DBSA Outreach to the Black Community

The Black Community’s Mental Health Care Needs Must Be Served

DBSA’s mission is to provide hope, help, support, and education to individuals living with mood disorders. Our core strengths include offering peer support and wellness-oriented resources and serving as the leading peer-focused advocacy organization for people living with depression and bipolar.


The Depression and Bipolar Support Alliance is committed to expanding resources to the Black community. To do so, we are working to understand our current audience, where additional outreach is needed and resource gaps exist, and how we can collaborate with organizations serving the Black community to offer support in a culturally competent manner.


The deaths of George Floyd and Breonna Taylor brought a moment of reckoning for all of us in a narrative that isn’t new and cannot be ignored. Long-standing inequities in access to mental health care have long existed: A disproportionate share of the Black community lives below the poverty line. Long-standing housing segregation has left many in health care deserts, without qualified mental health services available near their homes or places of employment. Because of profiling, Black Americans in need of mental health care services are instead arrested and incarcerated.[1] Over the past year, this existing crisis was compounded with mounting social unrest, the onset of continuing shutdowns from COVID-19, loss of employment, isolation, and fear, creating a secondary mental health crisis.


While Black Americans are 20% more likely to experience serious mental health symptoms than the general population, only one in three who need mental health care receive it.[2] We face many barriers as we seek to improve wellness outcomes: stigma, distrust of the healthcare system, high insurance costs, underrepresentation of Black health care providers, implicit bias, and even outright racism from medical professionals.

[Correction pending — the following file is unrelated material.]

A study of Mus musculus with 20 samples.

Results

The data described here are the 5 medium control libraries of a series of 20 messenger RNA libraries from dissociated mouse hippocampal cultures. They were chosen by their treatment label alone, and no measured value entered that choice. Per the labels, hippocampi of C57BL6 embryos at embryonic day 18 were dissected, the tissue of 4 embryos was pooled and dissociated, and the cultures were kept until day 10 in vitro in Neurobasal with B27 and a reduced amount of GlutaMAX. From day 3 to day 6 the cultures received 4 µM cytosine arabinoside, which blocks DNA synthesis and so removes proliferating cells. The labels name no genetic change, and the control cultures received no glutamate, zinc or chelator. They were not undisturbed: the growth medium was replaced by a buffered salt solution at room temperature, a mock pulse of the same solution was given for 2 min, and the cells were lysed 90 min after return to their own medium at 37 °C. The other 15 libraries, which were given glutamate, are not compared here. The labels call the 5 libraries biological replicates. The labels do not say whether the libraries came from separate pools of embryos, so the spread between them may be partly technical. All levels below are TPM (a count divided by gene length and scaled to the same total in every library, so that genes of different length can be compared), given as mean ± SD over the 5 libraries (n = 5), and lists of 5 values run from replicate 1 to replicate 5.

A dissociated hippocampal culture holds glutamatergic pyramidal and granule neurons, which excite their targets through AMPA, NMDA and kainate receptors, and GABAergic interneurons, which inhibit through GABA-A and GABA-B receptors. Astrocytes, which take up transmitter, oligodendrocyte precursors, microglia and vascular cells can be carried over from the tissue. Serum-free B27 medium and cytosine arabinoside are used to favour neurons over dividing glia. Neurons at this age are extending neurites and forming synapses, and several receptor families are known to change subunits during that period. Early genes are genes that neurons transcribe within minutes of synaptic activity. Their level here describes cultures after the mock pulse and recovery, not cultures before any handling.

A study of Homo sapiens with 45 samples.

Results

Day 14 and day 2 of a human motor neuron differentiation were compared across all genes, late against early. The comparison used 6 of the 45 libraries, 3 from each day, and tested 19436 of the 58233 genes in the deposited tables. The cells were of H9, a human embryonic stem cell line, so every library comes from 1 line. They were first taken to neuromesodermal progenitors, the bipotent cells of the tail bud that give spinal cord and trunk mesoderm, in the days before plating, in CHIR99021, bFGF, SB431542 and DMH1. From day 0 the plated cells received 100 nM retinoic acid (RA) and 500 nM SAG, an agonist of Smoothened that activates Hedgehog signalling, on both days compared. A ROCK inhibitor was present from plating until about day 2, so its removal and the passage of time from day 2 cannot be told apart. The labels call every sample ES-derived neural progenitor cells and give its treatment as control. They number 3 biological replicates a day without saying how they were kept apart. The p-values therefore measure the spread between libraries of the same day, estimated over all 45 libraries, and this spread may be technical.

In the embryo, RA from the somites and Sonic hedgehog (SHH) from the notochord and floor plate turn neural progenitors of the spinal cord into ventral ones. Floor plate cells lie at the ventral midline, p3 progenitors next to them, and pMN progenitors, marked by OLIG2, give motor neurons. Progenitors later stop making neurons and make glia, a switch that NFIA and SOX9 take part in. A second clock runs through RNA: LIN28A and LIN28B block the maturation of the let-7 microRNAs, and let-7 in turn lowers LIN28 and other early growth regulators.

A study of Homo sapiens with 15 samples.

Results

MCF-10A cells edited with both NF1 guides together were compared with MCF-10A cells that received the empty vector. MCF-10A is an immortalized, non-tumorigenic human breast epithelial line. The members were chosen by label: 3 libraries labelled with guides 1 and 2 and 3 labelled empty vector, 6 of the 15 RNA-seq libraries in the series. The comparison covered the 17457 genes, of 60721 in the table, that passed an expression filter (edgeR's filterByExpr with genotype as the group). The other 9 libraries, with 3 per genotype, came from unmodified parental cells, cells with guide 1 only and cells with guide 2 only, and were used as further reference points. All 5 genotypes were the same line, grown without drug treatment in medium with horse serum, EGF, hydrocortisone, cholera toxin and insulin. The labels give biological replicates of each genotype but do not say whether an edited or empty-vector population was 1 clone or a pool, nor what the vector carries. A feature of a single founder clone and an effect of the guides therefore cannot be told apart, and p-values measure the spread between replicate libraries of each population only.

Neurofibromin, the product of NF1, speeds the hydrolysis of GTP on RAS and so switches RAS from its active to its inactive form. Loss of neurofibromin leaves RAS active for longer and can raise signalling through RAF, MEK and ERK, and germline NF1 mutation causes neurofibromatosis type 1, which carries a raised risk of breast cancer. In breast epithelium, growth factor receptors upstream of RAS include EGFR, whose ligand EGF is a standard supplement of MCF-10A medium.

When providing helpful mental health services, we must develop credible and culturally competent services and resources in a most thoughtful way. DBSA recognizes the need to establish partnerships with trusted organizations to meet constituents where they are. This encompasses community-based organizations and faith leaders that often act as multi-service providers, offering information while integrating health and social services into their care.[3]


As part of our initial plans, together with the Greater Chicago Chapter of DBSA, we are partnering with the Chicago Urban League to understand existing support networks, expand our reach, and determine how to effectively create new service networks. This includes the opportunity for community groups to both receive and be trained in the evidence-based practice of peer support.


DBSA is also launching new peer support groups, locally and nationally, specifically for Black individuals living with a mood disorder. The groups, led by a Black peer facilitator and a support specialist, will also offer one-on-one support services to group members at the end of each meeting. The Black community online groups will launch the week of April 19, meeting Tuesday evenings, 6:30 p.m. to 7:30 p.m. CT and Thursday evenings, 5:30 p.m. to 6:30 p.m. CT.


We will continue to evaluate program impact and gather feedback for expanding our footprint. Alongside this work, DBSA is taking steps to become a more representative and inclusive organization by diversifying our board of directors and staff, and ensuring our practices, content, and messaging reflect the broader audience we seek to reach and support.


[1] “Stress and Trauma Toolkit for Treating African Americans in a Changing Political and Social Environment.” The American Psychiatric Association.

[2] Mental and Behavioral Health: African Americans. Health and Human Services Office of Minority Health.

[3] “Double Jeopardy: COVID-19 and Behavioral Health Disparities for Black and Latino Communities in the U.S. Substance Abuse and Mental Health Services Administration.